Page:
One thousand collisions, 376 injuries and nine fatalities in three years: the numbers don’t lie, Malibu’s stretch of Pacific Coast Highway is one of the most dangerous roads in the region. Now, after a safety study that began in 2012 has been published, the roadway is finally due for its first major overhaul in a generation.
A joint meeting of the Public Safety Commission and Public Works Commission on last Thursday evening resulted in a speedy 8-0 vote approving a monumental 850-page PCH Safety Study, which has been in the works since 2012.
One commissioner, Carol Randall of the Public Safety Commission, abstained from voting. The approval included two small amendments.
The mammoth safety study includes data from every traffic collision in Malibu in the past three years, in addition to a list of 130 suggested improvements along the highway, from increased bike lanes to raised medians and flashing pedestrian walkways crossing the corridor.
“We found approximately one collision per day for the length of this study,” said Rock Miller, senior principal with Stantec, the company contracted to complete the safety study. “That seems like quite a few collisions.”
Some possible bright spots in the analysis are a relative rarity of pedestrian and bike-related accidents, with most incidents reported as rear-end collisions.
“Pedestrian collisions were much fewer in number [than rear-end collisions] and tended to involve pedestrians crossing PCH away from intersections or crosswalks,” the study states.
That is not to say that pedestrians are generally safe on PCH, though.
“Pedestrian collisions almost always result in injuries and pedestrians were involved in a majority of the fatal collisions,” the study goes on to say.
Despite the staggering number of collisions, the study points out that there is not any one hotspot for vehicle collisions that result in injuries.
“Collisions involving fatalities, pedestrians or bicycles do not tend to reveal concentrations,” the study states. Therefore, Stantec suggests more systematic and widespread improvements along PCH in Malibu that can prevent pedestrian-and-bicycle related accidents along the road.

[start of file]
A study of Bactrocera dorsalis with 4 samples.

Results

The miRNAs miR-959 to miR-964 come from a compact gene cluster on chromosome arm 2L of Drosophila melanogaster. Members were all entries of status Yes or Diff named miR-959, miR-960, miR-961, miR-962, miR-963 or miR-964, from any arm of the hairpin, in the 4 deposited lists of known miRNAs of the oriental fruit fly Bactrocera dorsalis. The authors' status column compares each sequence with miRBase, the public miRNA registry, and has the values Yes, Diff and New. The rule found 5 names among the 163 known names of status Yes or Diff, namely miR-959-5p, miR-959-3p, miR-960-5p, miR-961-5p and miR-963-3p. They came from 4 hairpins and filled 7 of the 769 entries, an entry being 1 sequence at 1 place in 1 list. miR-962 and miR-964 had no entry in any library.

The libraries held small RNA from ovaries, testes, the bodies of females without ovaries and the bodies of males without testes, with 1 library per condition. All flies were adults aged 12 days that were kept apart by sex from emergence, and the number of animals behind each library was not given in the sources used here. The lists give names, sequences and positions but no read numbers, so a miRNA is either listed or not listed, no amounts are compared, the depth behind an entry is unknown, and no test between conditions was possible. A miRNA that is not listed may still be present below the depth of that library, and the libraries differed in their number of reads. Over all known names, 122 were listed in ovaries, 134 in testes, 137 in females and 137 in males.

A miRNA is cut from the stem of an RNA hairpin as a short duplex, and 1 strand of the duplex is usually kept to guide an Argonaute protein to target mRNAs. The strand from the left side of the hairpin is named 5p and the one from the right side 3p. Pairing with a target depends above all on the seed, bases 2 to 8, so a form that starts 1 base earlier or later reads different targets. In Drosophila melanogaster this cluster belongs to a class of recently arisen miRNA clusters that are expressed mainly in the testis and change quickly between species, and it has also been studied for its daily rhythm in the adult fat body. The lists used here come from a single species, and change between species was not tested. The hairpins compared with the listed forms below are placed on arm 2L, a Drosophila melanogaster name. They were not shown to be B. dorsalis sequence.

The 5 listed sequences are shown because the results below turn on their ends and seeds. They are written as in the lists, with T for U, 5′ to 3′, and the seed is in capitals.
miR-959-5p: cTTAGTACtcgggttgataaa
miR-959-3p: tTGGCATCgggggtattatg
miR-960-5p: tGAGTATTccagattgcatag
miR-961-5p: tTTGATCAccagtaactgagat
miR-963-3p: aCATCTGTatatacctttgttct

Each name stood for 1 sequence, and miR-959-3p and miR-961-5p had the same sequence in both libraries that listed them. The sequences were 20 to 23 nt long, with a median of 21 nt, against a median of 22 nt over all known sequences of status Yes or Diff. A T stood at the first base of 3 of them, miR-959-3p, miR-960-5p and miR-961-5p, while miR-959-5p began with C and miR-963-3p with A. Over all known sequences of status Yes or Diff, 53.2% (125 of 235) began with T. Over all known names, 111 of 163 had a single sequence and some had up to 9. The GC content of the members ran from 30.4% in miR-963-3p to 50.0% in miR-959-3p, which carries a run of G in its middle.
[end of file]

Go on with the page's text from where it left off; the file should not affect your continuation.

The study’s 130 suggestions were organized by location as well as merit score (meaning the greatest combination of collision relief, community support and congestion relief) that it’s predicted the project will create.
The study at the top of the merit score list is signal coordination and timing between John Tyler Drive and Topanga Canyon Road, meant to create “reasonable gaps for cross streets and driveways,” with the possibility of including a “state-of-the-art adaptive timing system to develop optimized timing plans based upon real time traffic conditions.”
Other top suggestions on the merit-based list include a similar (but lower-tech) timing plan for Western Malibu (between Trancas Canyon Road and Paradise Cove Road) and the widening of the bridge between Las Flores Canyon Road and Rambla Pacifico Road.
Overall, many of the suggestions were for raised medians in the highway — such as a raised median at Moonshadows and another at Paradise Cove — as well as additional, well-marked bike lanes throughout the highway wherever there is no street parking allowed.
State-of-the-art, pedestrian-activated flashing lights at crosswalks in Eastern Malibu are also on the list, as is lane narrowing in Western Malibu to encourage vehicles to slow down.
The total estimated cost of suggested possible improvements adds up to $20.63 million.
As for how to pay for these improvements, Miller seemed confident the City would easily get funds from area agencies invested in safety along PCH.
“I don’t think you’ll find the recommendations we’ve made to be that difficult to fund,” Miller told Commissioners. “The regional agencies that dole out funds to the City generally are very receptive to safety and improvement … so I don’t think it’s going to be a real challenge.”
State Measure R funds were later discussed as a possible source of revenue for the extensive project.
Public Safety Commissioner Meril May asked representatives from the City how the approved projects will be implemented, presenting an optimistic timeline that some of the projects “can actually get done, cost effectively, in the next week.”
“What’s sort of the ranking and timeline for how these things can start being implemented?” May asked.
Public Works Director Bob Brager told May it could be a long process, including City Council approval, finding funding and bundling projects together. According to the study document, even the smallest improvements are estimated to take 12 to 24 months or more.
In the end, Commissioners voted unanimously to approve an amendment lengthening the left turn lane into Paradise Cove from PCH 500 additional feet.
With May’s suggestion to the joint Commissions that they “not let the perfect get in the way of the good,” the study was approved, though several Commissioners stated they did not feel they gave it as thorough a reading as it deserved.
City Council will now review the study and suggestions, likely at their June 23 meeting.